As Americans celebrate Caribbean American Heritage Month and Juneteenth, Philanthropy Roundtable Adjunct Senior Fellow Patrice Onwuka explains that both holidays represent the strides Black people in this country have made in pursuing the American Dream. In an op-ed published by Newsmax entitled “Grit, Perseverance Carve Out the American Dream, Not Government Handouts,” Onwuka tells her own story as a Caribbean immigrant whose family sought to carve out a better life for themselves … despite the obstacles.
Below are excerpts from the op-ed entitled “Grit, Perseverance Carve out the American Dream, Not Government Handouts”:
“Opportunities were available, but like anything of worth, they demanded hard work, patience and humility. It took years of working menial and entry-level jobs for my parents to once again become homeowners. They moved us away from the threat of street violence just as my older brother approached an age that could make him a gang recruit or target.
At the same, my parents invested time and energy into delivering us the best education that public schools could provide. Alumni gifts also made our high school and collegiate education possible. The framed diplomas from half a dozen Ivy League and top-notch schools hanging on our home walls reflect the payoff of these investments.
My parents never believed in government handouts, but were deeply committed to charitable giving through the church and by participating in lending circles. These social networks pooled their money each week and at the end of the month, one person ended up with the cash to do whatever they needed. Lending circles commonly serve as philanthropy, venture capital and banking for immigrant communities.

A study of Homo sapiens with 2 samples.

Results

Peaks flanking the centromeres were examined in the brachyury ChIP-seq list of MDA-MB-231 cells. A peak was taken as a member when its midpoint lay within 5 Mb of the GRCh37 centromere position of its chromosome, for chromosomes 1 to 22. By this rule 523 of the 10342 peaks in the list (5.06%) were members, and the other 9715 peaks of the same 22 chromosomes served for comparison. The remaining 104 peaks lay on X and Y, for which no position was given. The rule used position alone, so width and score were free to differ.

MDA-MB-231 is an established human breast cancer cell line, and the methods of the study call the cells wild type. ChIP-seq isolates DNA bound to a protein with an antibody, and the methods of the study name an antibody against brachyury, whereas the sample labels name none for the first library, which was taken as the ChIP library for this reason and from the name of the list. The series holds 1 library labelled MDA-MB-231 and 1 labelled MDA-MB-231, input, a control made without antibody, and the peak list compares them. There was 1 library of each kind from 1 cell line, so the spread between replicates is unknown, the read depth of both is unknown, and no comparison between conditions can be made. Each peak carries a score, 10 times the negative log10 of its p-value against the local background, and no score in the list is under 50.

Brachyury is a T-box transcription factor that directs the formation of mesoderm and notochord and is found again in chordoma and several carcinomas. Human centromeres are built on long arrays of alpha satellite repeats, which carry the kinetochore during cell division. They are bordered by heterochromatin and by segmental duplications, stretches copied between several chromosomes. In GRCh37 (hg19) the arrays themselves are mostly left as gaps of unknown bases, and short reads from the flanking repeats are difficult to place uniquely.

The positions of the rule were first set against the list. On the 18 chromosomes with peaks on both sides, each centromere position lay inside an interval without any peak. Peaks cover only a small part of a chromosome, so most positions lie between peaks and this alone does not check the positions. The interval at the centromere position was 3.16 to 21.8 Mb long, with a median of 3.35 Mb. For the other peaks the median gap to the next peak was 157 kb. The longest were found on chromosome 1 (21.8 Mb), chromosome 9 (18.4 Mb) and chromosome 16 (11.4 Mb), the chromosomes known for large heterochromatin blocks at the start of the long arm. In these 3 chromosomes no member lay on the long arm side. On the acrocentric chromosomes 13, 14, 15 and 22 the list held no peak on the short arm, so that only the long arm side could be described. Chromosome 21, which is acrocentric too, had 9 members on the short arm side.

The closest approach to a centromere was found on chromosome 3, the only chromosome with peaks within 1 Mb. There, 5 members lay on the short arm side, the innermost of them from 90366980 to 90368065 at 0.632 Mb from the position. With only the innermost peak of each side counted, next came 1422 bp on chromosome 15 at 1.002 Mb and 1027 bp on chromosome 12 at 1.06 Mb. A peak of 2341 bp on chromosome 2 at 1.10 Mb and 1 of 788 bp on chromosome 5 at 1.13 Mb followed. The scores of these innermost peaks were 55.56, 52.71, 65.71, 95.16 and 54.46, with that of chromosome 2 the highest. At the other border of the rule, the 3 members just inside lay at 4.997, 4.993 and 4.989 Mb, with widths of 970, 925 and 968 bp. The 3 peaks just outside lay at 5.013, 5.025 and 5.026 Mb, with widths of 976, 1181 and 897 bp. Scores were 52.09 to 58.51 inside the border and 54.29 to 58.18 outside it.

Many of the over 4.5 million Black immigrants currently living in the U.S. likely see their experiences reflected in my family’s story. The rapid growth of Black immigrants has been tremendous over the past 50 years. Pew Research finds that they comprise 1 in 10 Black people in America today.
Black Americans, whose ancestry dates back hundreds of years in this country, have had a vastly different migration experience. They have overcome human subjugation, heinous brutality, legal and social discrimination and mistreatment.
Yet their resilience is astounding. Black Americans have come together to build and rebuild their communities for over a century.
The spirit to overcome any obstacle is the common factor in the success stories of native and foreign-born Blacks in America — from Oprah and Condoleezza Rice to Colin Powell and Sydney Poitier — so is their commitment to giving. This should inspire us all.”
Please continue reading “Grit, Perseverance Carve out the American Dream, Not Government Handouts” at Newsmax.